December 08, 2016 in: The Stages of Dementia,
The seven stages of dementia are broken up to give caregivers and medical professionals a timeline to follow with progress measurements to follow to track a patient’s cognitive deterioration and then figure out treatment that meets their needs based on where they are at currently.
This means there are zero signs of dementia, loss of memory and no behavioral issues.
As people age they start forgetting things like people’s names and things like checkbook or keys. Medical professionals or caregivers may not see anything, but this is the start of mild impairment, but it may not to be dementia.
Mild cognitive impairment (MCI) is when a person is suffering from ongoing issues with cognition and memory. The important thing is to recognize it now so that it reduces patient stress and to move forward with medical care to treat the dementia early.
A patient at this stage will start to obvious signs of reduction in mental capabilities that signal the beginning of dementia or Alzheimer’s disease. Caregivers need to pay attention to signals such as struggles with basic day to day task, lowered ability to think abstract thoughts, reduction of responsiveness, and struggles with anger and socialization.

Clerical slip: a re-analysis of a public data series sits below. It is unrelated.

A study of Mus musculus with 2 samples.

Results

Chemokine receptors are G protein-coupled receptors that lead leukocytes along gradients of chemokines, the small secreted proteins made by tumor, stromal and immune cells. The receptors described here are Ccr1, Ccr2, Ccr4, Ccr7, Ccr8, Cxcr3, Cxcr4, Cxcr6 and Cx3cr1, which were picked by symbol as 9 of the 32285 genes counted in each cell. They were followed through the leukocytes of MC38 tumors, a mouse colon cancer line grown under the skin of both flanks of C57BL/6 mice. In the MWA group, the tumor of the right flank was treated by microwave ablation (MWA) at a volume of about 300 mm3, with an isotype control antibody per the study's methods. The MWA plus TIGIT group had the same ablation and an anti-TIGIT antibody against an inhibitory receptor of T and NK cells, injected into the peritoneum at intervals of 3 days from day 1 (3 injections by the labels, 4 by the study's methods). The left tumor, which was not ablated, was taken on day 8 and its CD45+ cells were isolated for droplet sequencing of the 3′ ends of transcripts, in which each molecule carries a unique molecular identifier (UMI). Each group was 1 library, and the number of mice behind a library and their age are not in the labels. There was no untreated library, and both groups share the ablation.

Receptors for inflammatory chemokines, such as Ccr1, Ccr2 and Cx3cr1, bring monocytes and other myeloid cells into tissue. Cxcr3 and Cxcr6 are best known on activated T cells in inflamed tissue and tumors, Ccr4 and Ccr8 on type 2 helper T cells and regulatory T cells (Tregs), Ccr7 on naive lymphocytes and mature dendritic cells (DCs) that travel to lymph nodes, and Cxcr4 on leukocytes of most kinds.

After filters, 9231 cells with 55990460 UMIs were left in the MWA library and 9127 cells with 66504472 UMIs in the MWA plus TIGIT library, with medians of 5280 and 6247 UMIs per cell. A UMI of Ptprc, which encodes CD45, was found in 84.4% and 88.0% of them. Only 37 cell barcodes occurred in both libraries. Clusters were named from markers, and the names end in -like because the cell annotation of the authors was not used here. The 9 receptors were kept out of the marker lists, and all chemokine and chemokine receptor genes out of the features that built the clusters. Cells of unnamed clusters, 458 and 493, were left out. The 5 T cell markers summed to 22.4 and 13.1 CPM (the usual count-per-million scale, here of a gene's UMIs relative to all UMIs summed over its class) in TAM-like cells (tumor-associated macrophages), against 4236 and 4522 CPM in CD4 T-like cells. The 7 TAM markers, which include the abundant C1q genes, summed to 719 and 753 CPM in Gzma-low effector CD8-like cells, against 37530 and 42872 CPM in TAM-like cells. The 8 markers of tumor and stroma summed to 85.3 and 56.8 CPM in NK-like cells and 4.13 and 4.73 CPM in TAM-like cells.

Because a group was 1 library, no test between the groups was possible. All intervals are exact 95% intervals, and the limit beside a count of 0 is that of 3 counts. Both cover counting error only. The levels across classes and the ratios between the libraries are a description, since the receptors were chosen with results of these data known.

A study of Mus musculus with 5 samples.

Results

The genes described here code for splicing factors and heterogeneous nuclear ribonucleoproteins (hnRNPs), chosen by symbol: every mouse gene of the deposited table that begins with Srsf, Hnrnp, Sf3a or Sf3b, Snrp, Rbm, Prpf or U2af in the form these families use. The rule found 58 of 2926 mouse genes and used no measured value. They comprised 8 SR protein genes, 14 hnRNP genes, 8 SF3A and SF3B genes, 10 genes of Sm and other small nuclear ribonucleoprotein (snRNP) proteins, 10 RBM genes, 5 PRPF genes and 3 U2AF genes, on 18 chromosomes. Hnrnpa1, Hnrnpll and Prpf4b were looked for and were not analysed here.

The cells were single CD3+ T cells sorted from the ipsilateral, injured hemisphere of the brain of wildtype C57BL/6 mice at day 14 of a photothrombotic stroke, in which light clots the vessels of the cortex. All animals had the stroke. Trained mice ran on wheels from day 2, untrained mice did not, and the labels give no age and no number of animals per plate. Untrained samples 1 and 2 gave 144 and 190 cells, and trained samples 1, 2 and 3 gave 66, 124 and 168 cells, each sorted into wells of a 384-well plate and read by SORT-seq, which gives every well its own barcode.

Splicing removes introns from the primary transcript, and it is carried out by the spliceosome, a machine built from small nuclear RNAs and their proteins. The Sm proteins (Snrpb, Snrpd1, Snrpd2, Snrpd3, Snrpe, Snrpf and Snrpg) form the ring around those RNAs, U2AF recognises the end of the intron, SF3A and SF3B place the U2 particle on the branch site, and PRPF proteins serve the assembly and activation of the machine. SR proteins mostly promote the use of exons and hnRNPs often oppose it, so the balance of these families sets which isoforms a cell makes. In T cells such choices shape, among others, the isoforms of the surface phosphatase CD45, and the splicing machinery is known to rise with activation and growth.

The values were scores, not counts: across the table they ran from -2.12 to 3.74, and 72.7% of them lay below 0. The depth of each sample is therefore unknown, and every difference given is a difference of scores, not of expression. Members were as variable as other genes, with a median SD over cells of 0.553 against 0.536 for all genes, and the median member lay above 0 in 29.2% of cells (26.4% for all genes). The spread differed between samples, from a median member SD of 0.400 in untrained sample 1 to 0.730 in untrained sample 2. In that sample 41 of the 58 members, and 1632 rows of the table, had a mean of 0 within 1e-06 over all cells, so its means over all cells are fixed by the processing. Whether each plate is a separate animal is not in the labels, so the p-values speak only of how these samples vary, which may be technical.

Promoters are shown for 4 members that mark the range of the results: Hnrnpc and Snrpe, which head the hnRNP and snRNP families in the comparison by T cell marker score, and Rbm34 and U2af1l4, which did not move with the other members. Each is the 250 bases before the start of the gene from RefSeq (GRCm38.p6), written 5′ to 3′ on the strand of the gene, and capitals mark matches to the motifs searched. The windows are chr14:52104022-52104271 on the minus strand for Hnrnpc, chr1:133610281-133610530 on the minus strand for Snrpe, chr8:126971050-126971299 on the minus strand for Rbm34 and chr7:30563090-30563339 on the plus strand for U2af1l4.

Starting at stage 5, and going forward with dementia a later stages, a person will stop being able to bath themselves, dress or function in the home. This is also known a mid-stage dementia.
Middle dementia, which is stage 6, is dementia stage where caregivers has to give assistance doing all basic daily tasks including using the toilet, eating, dressing and day to day care. Other symptoms include problems with sleep, personality issues like delusions, anxiety, major memory loss
Late-stage dementia, which is severe Alzheimer’s, a person can no longer do any ordinary self-care, feed themselves, or use the bathroom on their own. They struggle with motor skills and they may not be able talk, get up and walk or even smile without assistance.
At Phoenix, AZ, assisted living facility The Palazzo we know it is important for caregivers to know the seven stages of dementia so you can make arrangements to provide the right level of care your loved one needs at each stage.